Logos is an element that has been applied effectively in this article, owing to the fact that the article gives a logic and consistent argument against the popularity of fast foods over the home-cooked foods. The article has effectively managed to show that a combination of different ingredients can produce home cooked meals that are cheaper than the fast foods. The argument creates a logical appeal, since there is a direct computation of a meal for four that would cost $28 at McDonalds and an equally dietary valued meal that is cooked at home cost between $9 and $14 (Bittman, 660).

The authority aspect is also well represented in the article, owing to the fact that the writer of the article is currently a professional journalism specializing solely on home cooking. This simply gives the writer the authority deserved in speaking on this subject, having specialized in matters that deal with home cooking, which allows him the vast knowledge in the finer details such as the cost of ingredients and the time required to prepare a meal at home (Bittman, 663).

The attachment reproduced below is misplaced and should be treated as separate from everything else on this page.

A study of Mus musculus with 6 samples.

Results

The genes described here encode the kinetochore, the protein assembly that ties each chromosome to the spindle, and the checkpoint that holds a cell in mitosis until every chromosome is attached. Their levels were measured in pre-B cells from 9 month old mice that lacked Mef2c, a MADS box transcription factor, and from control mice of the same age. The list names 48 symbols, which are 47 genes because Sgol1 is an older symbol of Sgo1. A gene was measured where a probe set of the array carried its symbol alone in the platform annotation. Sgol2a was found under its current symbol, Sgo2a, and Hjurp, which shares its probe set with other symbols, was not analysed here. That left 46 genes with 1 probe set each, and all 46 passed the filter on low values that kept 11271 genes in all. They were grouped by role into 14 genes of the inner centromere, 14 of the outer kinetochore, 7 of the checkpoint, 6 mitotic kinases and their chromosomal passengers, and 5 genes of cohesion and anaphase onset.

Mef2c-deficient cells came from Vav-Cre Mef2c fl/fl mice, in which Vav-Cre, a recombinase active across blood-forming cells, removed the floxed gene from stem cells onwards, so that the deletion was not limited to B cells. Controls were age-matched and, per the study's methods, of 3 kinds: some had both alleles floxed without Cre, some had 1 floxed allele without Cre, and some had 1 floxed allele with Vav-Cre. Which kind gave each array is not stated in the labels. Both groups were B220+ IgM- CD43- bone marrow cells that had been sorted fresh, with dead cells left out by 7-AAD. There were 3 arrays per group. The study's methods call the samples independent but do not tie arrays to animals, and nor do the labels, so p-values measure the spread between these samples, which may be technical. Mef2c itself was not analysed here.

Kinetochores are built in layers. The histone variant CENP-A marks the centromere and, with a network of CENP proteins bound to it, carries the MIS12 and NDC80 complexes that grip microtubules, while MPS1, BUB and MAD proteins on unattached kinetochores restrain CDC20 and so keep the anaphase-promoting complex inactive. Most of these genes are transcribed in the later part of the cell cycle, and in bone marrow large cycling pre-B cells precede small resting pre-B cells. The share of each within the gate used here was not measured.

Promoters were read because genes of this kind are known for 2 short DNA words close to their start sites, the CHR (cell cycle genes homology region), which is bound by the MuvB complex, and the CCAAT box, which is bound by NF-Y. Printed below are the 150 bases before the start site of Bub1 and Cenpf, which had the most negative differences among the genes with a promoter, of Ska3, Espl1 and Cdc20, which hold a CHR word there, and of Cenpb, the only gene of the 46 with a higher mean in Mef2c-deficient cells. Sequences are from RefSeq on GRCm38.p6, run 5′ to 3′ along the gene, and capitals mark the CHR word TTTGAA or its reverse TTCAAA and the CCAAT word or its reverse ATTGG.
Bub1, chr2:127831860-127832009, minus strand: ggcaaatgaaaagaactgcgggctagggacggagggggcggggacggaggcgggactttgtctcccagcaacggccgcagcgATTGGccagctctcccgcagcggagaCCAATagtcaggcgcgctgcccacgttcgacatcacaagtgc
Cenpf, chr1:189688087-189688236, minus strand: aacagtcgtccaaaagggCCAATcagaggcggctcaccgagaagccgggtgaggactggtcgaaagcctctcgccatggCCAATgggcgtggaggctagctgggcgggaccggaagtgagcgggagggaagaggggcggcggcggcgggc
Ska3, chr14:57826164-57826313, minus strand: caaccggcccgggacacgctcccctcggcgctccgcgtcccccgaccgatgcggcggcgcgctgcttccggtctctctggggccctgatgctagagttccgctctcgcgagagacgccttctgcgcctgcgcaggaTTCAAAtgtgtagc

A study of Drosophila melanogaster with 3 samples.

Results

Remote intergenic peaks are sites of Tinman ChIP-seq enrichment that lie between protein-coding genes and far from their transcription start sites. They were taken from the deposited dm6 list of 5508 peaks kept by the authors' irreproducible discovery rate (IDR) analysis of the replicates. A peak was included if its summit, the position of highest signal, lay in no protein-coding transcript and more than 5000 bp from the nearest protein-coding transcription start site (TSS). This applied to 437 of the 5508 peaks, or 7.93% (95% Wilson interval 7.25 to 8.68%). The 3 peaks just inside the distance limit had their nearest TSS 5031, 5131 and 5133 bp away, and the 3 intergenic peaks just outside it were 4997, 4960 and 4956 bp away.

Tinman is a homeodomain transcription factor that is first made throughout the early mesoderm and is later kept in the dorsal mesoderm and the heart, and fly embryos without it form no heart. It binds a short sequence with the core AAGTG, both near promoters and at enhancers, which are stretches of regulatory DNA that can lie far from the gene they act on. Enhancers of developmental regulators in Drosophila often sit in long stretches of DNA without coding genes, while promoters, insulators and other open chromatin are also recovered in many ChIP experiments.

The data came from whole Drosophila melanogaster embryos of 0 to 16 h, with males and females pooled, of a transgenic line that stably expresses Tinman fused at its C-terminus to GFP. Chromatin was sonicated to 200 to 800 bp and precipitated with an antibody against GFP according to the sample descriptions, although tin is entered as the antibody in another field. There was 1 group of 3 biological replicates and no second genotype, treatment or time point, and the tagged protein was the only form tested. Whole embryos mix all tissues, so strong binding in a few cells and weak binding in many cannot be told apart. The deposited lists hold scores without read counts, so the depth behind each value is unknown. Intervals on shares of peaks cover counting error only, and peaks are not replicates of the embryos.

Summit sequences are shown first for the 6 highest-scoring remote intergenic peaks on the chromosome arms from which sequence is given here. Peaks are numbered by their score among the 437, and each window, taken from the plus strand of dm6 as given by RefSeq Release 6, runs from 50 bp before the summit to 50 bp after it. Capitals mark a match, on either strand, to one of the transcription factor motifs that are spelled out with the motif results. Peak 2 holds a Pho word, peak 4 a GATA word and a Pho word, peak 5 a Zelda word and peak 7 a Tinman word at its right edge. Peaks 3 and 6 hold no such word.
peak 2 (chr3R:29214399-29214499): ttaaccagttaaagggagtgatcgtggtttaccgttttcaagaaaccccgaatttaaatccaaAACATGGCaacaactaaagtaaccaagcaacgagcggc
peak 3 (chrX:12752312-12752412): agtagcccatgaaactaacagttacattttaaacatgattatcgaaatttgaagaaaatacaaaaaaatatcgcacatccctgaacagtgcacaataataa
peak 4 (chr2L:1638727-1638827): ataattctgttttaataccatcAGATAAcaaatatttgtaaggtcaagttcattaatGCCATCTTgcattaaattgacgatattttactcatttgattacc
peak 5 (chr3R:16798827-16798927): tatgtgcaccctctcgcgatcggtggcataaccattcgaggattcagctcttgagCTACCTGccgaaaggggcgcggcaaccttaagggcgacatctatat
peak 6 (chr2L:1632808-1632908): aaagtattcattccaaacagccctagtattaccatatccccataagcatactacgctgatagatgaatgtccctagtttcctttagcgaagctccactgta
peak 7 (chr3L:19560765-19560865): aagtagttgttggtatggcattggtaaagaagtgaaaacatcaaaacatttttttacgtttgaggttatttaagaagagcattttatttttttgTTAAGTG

Emotional appeal has been achieved by the writer, through touching on the subject of the relationship between the fast foods consumption and the overweight problem, which is a sensitive issue in the modern American society (Zinczenko, Noll and Metz, n.p. ). Such argument captures the emotions of the audience in such a way that the audience becomes persuaded to adapt the home-cooking alternative, which is not associated much with the overweight problem. A major rhetoric fallacy applied in the article is the argument to the effect that processed foods trigger “addition-like neuro-addictive responses”, which then means that the more we eat, the more we need to fulfill the pleasure desirable in the brain (Bittman, 662).

While the argument that fast foods and processed foods have a certain level of addictive effect on the consumers might be true, it is farfetched to argue that generally the more fast food we consume the more we need due to a brain chemical process that has not been adequately backed by scientific evidence.